14 September 2020
Hanna van Loo
Hanna van Loo

Hanna van Loo is one of the new members that will be installed into the UG's Young Academy Groningen. She is doing research into depression. Patients with depression present a wide variety of symptoms and course of illness. Van Loo is researching the best way to understand and treat depression. She is using new data mining techniques to determine which subtypes of depression predict a more severe progression of the illness. In her current research project, she is focusing in particular on the interaction between genes and environments in the familial transmission of depression.

Can you tell us a little more about your current research?

We still know little about the causes of depression, despite the fact that it is very common. Roughly 15% of the Dutch population is affected by it at some point in their lifetime. Genes play a key role in this, but so do stressful events and personality factors. And the causes behind the onset of depression may differ from one patient to another. All these differences make it difficult for a patient to find a treatment that is right for them.

Is there an aspect of your research that stands out in particular?

I am really pleased with the collaboration that I have forged with one of the best research groups in psychiatry, the Virginia Institute of Psychiatric and Behavioral Genetics in Virginia, USA. My research is very multidisciplinary and international, through which you can achieve more by working together than on your own. It is hugely inspiring to work with such excellent scientists and to contribute as a team to our understanding of psychiatric disorders. But it is also a challenge, mainly because you can’t just pop in and see each other.

You studied medicine and philosophy. How has philosophy benefited you?

Philosophy has given me a lot; it’s difficult to sum it all up in just one sentence. For example, it trained me to think clearly about what exactly is the key question, about the value of definitions such as depression, about how we can increase our knowledge and what counts as evidence. In addition to my empirical research in psychiatry, I am also fascinated by the philosophy of science. For years, I have been working alongside Jan-Willem Romeijn, Professor of Philosophy of Science at the UG. We use knowledge from the philosophy of science to answer questions in psychiatry. This has really helped my research into depression.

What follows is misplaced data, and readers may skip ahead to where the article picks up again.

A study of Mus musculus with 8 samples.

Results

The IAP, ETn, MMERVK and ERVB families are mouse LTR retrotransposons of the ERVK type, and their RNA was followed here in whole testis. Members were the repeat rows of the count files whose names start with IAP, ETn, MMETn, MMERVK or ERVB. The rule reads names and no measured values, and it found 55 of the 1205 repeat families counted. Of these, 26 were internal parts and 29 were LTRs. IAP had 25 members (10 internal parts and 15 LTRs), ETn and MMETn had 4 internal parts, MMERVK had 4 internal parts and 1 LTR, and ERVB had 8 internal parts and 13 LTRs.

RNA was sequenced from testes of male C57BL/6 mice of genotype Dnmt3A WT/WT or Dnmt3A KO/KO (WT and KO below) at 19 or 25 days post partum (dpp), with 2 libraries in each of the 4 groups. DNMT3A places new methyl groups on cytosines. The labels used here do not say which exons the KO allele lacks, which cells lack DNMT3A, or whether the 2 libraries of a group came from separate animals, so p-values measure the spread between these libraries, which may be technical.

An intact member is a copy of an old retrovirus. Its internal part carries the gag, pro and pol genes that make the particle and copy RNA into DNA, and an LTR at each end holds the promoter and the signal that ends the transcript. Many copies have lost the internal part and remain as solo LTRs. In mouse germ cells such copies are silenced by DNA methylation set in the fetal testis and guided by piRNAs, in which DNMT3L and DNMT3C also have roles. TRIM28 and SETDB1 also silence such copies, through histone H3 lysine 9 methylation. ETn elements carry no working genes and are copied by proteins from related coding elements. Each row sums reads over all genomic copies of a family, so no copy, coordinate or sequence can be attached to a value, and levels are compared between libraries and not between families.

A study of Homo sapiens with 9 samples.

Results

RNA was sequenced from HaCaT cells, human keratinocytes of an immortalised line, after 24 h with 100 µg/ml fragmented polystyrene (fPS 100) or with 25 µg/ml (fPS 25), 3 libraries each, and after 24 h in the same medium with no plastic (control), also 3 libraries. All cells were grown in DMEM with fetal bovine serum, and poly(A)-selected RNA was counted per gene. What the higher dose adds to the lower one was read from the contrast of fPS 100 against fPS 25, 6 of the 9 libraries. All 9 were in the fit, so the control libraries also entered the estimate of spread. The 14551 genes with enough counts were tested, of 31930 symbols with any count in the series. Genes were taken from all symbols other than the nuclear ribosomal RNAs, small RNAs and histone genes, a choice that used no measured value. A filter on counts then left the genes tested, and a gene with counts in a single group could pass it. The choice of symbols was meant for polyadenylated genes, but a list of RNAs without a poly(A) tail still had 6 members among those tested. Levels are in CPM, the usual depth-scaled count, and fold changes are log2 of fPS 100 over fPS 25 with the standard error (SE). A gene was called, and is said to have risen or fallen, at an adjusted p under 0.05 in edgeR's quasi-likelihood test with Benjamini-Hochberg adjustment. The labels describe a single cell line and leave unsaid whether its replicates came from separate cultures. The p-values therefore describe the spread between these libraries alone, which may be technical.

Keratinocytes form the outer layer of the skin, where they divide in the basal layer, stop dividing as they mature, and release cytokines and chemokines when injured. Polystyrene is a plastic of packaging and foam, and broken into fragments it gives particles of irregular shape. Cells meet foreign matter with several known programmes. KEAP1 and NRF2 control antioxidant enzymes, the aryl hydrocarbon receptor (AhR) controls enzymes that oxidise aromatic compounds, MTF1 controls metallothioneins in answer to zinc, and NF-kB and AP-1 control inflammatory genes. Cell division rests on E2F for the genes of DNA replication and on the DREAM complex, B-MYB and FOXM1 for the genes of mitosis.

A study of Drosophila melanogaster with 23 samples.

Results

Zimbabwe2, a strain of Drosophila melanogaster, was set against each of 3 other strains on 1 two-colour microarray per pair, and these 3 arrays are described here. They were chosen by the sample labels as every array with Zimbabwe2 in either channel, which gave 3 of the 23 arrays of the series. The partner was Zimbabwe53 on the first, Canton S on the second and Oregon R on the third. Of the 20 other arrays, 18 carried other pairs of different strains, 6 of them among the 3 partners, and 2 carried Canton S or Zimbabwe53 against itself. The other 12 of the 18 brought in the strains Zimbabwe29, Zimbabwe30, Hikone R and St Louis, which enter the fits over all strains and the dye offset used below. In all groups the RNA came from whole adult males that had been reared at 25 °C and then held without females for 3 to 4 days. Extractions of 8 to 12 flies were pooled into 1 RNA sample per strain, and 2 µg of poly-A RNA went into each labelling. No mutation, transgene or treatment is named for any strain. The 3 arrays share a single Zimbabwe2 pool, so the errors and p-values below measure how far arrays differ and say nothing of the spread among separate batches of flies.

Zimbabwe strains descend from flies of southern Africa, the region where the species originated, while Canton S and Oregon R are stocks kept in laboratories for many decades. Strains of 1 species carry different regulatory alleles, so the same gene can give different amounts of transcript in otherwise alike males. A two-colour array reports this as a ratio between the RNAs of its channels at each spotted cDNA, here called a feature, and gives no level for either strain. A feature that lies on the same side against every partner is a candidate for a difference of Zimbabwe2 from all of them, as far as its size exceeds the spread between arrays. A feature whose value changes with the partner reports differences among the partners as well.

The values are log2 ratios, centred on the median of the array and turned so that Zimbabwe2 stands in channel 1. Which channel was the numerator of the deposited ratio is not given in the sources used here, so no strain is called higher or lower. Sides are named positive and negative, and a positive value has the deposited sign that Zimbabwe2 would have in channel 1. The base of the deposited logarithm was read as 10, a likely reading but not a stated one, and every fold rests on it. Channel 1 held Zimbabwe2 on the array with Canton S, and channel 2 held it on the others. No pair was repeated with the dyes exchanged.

Why did you want to become a member of YAG?

The YAG is an enthusiastic club of young researchers with all kinds of different backgrounds and nationalities. I thought it would be very inspiring to be a part of that. I also think it’s important to think about how we can improve the University, for example, the working conditions for young researchers, diversity at the University, communication with a wider audience. These are the YAG’s main goals, and I hope to be able to contribute towards achieving them.

Your work is very interdisciplinary. What do you expect from being a YAG member in this respect?

I have already spoken to a few members about the overlap between our areas of expertise. For example, Ward Rauws explained how you can look at the city as a complex, ever-changing system, in which all kinds of parts are interconnected. To some extent, this complexity, the dynamics and the interactions also apply to people with depression. And Tina Kretschmer, for example, is investigating the relationship between events in childhood and psychiatric disorders later in life, which is also relevant to my research. So, I expect to be able to be part of a number of multidisciplinary collaborations in the coming years.

Can you give an example?

Every day, I learn new things from colleagues, students and patients, so in that sense I have a lot of examples. One of my main examples is Ken Kendler, psychiatrist and scientist, with whom I worked in the US for a year as a postdoc, and with whom I am still collaborating intensively. He has a tremendous amount of knowledge, is an excellent researcher and is an example of how, as a psychiatrist, you can bridge the gap between clinical practice and research. And we both have an enthusiasm for science.

Last modified:16 September 2020 1.23 p.m.